Draft Amendment Will Regulate Sale of CBD Products and Kratom

Drug experts say that some substances, such as kratom (pictured) are not so dangerous that they should be banned completely. Photo credit: Freepik.

Prague, May 24 (CTK) – CBD, HHC, and kratom could be added to a new list of “psychomodulatory substances”, which should be included in the upcoming amendment on addictive substances, Czech national drug policy coordinator Jindrich Voboril told journalists yesterday.

The amendment should lay down rules for the sale and control of these substances, Voboril said, adding that he was convinced that product bans and repression would lead to the emergence of a black market and negative health impacts.

Drug experts say that the substances are not so dangerous that they should be banned completely.

A ban on CBD cannabidiol products was recently proposed by Agriculture Minister Zdenek Nekula (KDU-CSL).

Last week, after a meeting with Prime Minister Petr Fiala (ODS), Deputy Prime Minister Ivan Bartos (Pirates) and experts, he withdrew his proposal for the time being.

Health Minister Vlastimil Valek (TOP 09) said he was ready to propose a ban on kratom.

“The law with a list of psychomodulating substances is ready in a paragraphed text with an explanatory report. We have a fifth version of the amendment,” Voboril said.

He said the finalisation of the amendment would take about a month. Negotiations with representatives of the relevant inspectorates should also take place, which could then  monitor the products.

Voboril said his goal was to push the standard through this year so that it would take effect from 2024. The law would probably not be presented by the government, but by MPs, he added.

He wants to win the support of lawmakers from both the coalition and the opposition.

The cannabidiols CBD and HHC come from hemp; kratom is a tropical plant. In small amounts they can have medicinal effects, in large doses they are depressants. They are sold as oils, tinctures, tablets or powder. Experts consider these substances to be less dangerous, but recommend clear rules for their sale and control. For CBD, unlike other herbal substances, the situation is more complex, according to Voboril.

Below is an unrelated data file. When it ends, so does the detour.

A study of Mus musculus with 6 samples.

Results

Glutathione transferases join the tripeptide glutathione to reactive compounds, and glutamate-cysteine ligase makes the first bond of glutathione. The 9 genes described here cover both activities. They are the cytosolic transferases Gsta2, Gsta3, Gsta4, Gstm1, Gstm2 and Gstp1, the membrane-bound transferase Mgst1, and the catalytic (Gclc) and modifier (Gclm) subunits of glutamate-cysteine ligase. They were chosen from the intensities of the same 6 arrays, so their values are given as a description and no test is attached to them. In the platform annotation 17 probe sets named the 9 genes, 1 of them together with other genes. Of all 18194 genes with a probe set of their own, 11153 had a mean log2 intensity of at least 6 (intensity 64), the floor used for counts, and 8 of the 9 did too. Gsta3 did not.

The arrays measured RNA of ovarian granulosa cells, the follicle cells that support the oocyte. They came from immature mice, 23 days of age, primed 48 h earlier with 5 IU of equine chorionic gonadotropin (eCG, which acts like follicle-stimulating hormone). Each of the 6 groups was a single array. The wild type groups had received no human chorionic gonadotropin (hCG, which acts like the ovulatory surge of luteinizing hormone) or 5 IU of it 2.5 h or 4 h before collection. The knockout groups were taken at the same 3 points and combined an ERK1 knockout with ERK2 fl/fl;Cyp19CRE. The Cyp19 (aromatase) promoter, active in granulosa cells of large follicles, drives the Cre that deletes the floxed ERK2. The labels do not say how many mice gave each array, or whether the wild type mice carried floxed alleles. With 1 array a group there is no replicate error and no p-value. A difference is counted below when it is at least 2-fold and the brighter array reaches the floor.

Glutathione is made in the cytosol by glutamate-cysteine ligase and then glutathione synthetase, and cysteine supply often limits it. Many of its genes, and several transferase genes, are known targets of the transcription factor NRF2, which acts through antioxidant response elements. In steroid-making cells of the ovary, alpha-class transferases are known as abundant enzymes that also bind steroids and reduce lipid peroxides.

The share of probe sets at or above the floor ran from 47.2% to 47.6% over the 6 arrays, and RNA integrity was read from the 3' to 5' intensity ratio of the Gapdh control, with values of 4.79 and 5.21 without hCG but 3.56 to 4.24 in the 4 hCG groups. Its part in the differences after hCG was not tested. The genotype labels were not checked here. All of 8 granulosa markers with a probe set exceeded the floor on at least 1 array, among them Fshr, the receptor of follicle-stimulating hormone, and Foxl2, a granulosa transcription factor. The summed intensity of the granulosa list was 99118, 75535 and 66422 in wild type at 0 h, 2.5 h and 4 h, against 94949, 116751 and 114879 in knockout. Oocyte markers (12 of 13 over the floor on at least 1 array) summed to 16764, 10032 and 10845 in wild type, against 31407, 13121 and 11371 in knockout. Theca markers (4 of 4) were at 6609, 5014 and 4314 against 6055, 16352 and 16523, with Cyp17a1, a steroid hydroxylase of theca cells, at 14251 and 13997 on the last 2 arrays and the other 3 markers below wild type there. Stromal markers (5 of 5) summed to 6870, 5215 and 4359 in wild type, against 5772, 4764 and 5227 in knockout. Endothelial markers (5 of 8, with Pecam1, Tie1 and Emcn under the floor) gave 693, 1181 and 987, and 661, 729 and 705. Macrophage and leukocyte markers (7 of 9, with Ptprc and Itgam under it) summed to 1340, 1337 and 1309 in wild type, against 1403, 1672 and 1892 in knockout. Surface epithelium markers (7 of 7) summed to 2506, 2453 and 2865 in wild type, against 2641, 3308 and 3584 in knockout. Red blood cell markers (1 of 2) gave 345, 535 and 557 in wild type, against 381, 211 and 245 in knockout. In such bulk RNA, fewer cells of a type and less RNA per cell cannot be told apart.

Products made from CBD must undergo complex certification. In the Czech Republic, CBD could also be included in the list of psychomodulatory products.

The sale of products containing substances from this list would be strictly regulated. Young people under 18 would not be able to buy them. It would also be specified how much of a substance a product could contain, which would then be inspected and monitored.

According to Voboril, the list would be open to any new substances that appear on the market. The coordinator believes that other such substances “are certainly already in stock.”

There are around five hundred compounds on the list of banned substances in the Czech Republic. According to Voboril, the list could also be reassessed over time and less dangerous substances could possibly be reclassified as psychomodulatory substances.

The government’s policy statement says that the regulation of addictive substances should be in line with their level of harm. The cabinet says it wants to tackle addictions according to a “scientifically proven and balanced approach to risk prevention and harm reduction”. It has also pledged to ensure sufficient money for prevention and services.